Stepping up the pressure for political action on global warming, scientists for the second time in two months have called for strong measures to curb greenhouse-gas emissions.
The American Geophysical Union (AGU) – the world's largest scientific organization dedicated to Earth, atmospheric, and space sciences – warned Thursday that the world will need to reduce emissions by 50 percent below 1990 levels within this century if countries are serious about holding down warming to around 3.6 degrees F. by 2100.
Significantly warmer temperatures over that period would lead to seriously disruptive changes for societies as well as for ecosystems around the planet, many scientists say.
The statement is the strongest the AGU has made since it first took a stance on the issue in 1998.
The warning comes on the heels of a similar call at the United Nation's global climate talks last month in Nusa Dua, Indonesia. There, scientists released the "Bali Declaration," which calls on negotiators to craft a new climate treaty that will aim to cut greenhouse-gas emissions by at least 50 percent below 1990 levels by 2050 to avoid what UN treaties refer to as "dangerous" human interference with climate.
Although the three major reports released last year by the UN's Intergovernmental Panel on Climate (IPCC) usually provide the scientific framework for policy debates on global warming, the AGU's statement is also likely to be influential, especially for those who distrust the UN, some analysts say.
The scientists' statement comes at a time when international climate talks led by both the UN and the US are moving into high gear.
Next week, the Bush administration is convening the second of it's Major Economies meetings in Hawaii in an attempt to bring big emitters from both industrial and developing countries together to find ways to deal with the climate problem. The administration says the results of its series of meetings, which is expected to end in July, would feed back into the formal UN process. For its part, the UN is moving forward on negotiations for a new climate treaty to replace the Kyoto Protocol, when its first commitment period ends in 2012.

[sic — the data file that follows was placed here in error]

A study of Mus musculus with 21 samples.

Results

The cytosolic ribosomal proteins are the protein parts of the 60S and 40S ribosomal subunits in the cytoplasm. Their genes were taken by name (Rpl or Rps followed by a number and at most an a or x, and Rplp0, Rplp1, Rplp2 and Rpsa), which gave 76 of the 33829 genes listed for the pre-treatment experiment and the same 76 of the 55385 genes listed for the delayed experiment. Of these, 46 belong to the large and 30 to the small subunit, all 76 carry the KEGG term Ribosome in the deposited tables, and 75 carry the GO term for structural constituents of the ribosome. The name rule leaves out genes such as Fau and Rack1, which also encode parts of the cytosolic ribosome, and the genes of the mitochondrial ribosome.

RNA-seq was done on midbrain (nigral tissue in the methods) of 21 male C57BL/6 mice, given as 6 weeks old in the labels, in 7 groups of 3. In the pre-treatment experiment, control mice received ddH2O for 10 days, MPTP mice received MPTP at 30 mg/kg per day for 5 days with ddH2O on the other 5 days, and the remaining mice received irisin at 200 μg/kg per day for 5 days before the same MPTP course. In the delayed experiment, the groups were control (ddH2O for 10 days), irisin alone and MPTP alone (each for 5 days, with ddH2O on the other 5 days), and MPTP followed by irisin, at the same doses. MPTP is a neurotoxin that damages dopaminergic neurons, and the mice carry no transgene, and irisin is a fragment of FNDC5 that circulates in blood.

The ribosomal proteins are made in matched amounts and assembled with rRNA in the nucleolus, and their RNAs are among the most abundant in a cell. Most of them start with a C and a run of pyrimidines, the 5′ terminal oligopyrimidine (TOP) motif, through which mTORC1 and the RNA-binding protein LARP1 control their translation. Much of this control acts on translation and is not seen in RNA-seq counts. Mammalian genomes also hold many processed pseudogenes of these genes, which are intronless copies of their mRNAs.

Among many people, "there's a deep level of distrust toward the United Nations," says Matthew Nisbett, a professor of communications at American University in Washington who focuses on the intersection of science and public policy, adding that the IPCC's scientific reports are "routinely dismissed" by skeptics because of the panel's UN connection. However, when a prominent American scientific institution weighs in, whether it's the AGU or the National Academy of Sciences, "that shores up the credibility of the science."
In addition, he says, the statement needs to be seen in the larger context of increasing activism by some scientists. To be sure, individual scientists have tilted with the political process for decades, observes Gavin Schmidt, a climate researcher at NASA's Goddard Institute for Space Studies in New York. From the Manhattan Project to climate change, "some scientists have always been out there," he notes.
Still, Dr. Nisbett maintains that many scientists are giving fresh thought to their roles as communicators and contributors to policy. Indeed, the AGU's statement advocates a more active role for its members in communicating their work to the public and to people "who can implement policies to shape the future of climate."
This is a significant shift for the 50,000-member organization. "The AGU has not done this in the past," says AGU president Timothy Killeen.
Adds Nisbett, "You do see a mobilization of scientists ... around the idea of scientific activism." He notes, for example, that a group of prominent scientists formed Scientists and Engineers for America in 2006, to provide public education on science issues as well as train scientists to run for political office.
Another group, ScienceDebate 2008, aims to encourage this year's presidential candidates to include more science issues in their debates.